GOD & HOSPITAL SHOES
For I know the plans I have for you," declares the LORD, "plans to prosper you and not to harm you, plans to give you hope and a future.
I had had dizzy/weakness spells since high school, but no doctor had ever taken them seriously. In December 2001, I held my son, Jack (who was 11 months old at the time), and I had one so strong that my entire left side went numb, and I dropped Jack on the kitchen floor.
An MRI yielded an answer: a quarter-sized “benign cystic glioma” growing in the rear, right-hand part of my brain. It was causing seizures (those dizzy-things) that were gaining in strength as it grew. Scarily enough, a Google search of "cystic glioma" revealed that I had only 18 months to live. As you can imagine, I was hysterical. I remember calling my family doctor and telling the receptionist, "This is Maggie. I have a brain tumor, and I need to talk to my doctor NOW!!!" I think that was the first and only time where I’ve ever gotten through to a doctor on the phone. Fortunately the World Wide Web was wrong (the key word missing in my search was “benign.”) But the tumor still had to come out.
So in February, I settled in at University Hospital. I required two surgeries about four days apart... TWO surgeries because the neurosurgeon didn’t get it all the first time around. Both times, as I went into the operating room, I held a photo of Jack in my hand… all the while murmuring that “A year (with my son) was not enough” and hoping that God felt the same way. I was scared to death! My husband and parents sat in the waiting room for several hours waiting to hear reports from the surgical nurses.
After I awoke from the 2nd surgery, I was in for a shock. No feeling on my left side. I couldn’t hold a pen, I couldn’t walk… my left side was useless. I was completely disoriented and apparently quite disagreeable. I don’t remember much of the first few days except for snippets here and there; I’m sure my brain was somewhat scrambled! I remember asking for my best friend, Debbie, a lot – that was the only person I wanted to see. I remember getting my arm stuck in the bars of my hospital bed and calling out for help seemingly forever. I vaguely remember begging a nurse to let me call my husband, David – even though it was 2AM – and when she finally gave me the phone, apparently, I cried and told him to come and get me, that the nurses were hurting me. At 2AM, with Jack sleeping down the hall, what was David going to do? He talked to the nurse getting her assurances that I was totally out-of-my-mind and they were not, in fact, hurting me; He planned to return to the hospital first thing in the morning.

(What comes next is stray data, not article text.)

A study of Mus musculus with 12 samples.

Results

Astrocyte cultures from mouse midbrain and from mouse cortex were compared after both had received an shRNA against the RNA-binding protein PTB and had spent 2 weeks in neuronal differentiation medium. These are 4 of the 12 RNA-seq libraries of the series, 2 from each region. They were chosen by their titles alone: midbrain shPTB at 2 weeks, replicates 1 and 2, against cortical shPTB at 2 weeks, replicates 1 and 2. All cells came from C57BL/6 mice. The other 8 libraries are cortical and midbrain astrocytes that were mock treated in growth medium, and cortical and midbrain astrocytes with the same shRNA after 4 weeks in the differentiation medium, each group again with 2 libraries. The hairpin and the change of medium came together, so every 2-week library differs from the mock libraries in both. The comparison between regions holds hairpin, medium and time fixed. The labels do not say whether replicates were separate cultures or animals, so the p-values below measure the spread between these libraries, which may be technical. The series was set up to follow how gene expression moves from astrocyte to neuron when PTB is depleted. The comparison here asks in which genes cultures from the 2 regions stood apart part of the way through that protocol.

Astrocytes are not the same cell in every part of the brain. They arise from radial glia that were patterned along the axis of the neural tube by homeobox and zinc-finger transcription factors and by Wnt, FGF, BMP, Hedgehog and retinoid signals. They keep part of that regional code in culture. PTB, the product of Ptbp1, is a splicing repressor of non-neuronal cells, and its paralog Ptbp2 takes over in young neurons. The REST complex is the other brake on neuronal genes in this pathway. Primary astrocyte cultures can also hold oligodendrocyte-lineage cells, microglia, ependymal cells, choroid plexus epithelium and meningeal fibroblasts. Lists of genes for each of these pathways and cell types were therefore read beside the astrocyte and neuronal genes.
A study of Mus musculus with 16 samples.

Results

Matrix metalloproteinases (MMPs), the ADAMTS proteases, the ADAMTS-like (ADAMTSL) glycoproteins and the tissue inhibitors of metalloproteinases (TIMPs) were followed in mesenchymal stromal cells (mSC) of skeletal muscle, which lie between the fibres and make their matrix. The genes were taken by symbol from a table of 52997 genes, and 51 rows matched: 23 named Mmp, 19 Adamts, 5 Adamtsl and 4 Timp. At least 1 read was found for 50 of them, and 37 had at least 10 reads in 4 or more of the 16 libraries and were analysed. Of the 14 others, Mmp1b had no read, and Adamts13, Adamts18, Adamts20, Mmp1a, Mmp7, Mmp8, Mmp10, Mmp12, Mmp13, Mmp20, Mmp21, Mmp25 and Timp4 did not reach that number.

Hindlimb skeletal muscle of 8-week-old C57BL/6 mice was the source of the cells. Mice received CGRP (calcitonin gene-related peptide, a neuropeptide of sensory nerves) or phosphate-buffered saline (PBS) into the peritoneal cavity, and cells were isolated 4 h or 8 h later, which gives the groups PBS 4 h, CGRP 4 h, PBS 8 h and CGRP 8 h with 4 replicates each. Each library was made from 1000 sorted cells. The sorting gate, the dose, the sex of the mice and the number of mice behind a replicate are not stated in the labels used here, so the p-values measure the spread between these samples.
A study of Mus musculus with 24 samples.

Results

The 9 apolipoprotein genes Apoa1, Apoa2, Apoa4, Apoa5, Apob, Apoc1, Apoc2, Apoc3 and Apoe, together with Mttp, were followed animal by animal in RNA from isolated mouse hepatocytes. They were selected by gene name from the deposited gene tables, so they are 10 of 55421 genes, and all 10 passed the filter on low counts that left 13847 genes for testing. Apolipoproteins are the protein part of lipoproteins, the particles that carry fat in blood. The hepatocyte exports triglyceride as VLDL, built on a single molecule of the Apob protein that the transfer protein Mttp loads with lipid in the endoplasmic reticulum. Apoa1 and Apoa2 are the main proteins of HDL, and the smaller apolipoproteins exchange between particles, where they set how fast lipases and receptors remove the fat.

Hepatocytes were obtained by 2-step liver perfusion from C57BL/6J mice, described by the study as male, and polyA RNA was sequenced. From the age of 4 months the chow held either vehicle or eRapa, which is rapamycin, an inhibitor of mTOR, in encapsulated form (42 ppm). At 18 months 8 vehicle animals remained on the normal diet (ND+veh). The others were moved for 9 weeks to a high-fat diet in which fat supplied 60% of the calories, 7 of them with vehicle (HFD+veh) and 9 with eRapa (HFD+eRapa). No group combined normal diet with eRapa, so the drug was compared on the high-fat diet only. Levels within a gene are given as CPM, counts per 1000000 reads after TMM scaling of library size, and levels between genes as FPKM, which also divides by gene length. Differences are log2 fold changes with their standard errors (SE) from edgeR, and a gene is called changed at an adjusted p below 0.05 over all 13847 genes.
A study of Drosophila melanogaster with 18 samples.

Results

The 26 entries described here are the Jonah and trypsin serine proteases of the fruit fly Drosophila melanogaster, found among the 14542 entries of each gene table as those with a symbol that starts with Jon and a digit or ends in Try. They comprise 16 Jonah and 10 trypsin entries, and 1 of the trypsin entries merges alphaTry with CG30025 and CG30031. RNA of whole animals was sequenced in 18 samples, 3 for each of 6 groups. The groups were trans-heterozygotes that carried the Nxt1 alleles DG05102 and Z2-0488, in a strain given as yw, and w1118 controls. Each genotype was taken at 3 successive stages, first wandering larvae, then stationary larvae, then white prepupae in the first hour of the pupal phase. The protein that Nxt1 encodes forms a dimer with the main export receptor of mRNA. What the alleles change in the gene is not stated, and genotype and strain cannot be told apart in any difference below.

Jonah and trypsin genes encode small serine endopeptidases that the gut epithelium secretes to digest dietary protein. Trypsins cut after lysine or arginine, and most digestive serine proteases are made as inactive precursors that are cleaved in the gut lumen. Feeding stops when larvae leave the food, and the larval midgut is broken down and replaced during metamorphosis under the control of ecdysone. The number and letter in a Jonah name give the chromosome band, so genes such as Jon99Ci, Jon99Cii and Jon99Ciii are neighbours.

Sometimes, in your life, you come to a point where you hit a wall: a crisis of faith. You realize that the event facing you is bigger than you… monstrous, UN-scale-able. You realize that you have absolutely NO CONTROL – and to get through it, you must turn to the One who is “big” enough to help you through this. At the moment of that frantic, wild, middle-of-the-night phone call, there was nothing David could do except pray. Pray for strength for himself. Pray for healing for me. Pray that I was not surrounded by a bunch of sadistic hospital personnel. Pray that he wouldn’t be left a single-father.
Before each of my surgeries, there was nothing I could do but pray. Pray for strength… pray for healing. Pray that the surgeons would successfully remove the tumor (although apparently I should have prayed that it only took one surgery!). Pray that God would allow me to be David’s wife and Jack’s mother a while longer. I had left letters for David and Jack… “just in case” I didn’t make it… praying fervently the whole time that they wouldn’t have cause to read them.
What do you do in this kind of situation if you don’t have faith? How do you go into surgery on your brain, no less, if you don’t believe that a higher power is watching over you… One who had your best interests at heart? How do you sit in a waiting room while your wife has part of her skull removed and her brain dissected, to remove a tumor?
David and I both released control of our lives to an entity we cannot see, hear, smell, or touch – believing in God’s love and power to help us through this. Whatever you face, whatever your wall – nothing is too big for God. Two surgeries and a few months of rehab later, I am healed. I can walk. I can move my left side. I am alive. Hospital booties are some scary shoes to wear… and the last thing you want to do is GIVE UP control of anything. But God “has your back” – and He is big enough to help you navigate even the scariest of paths.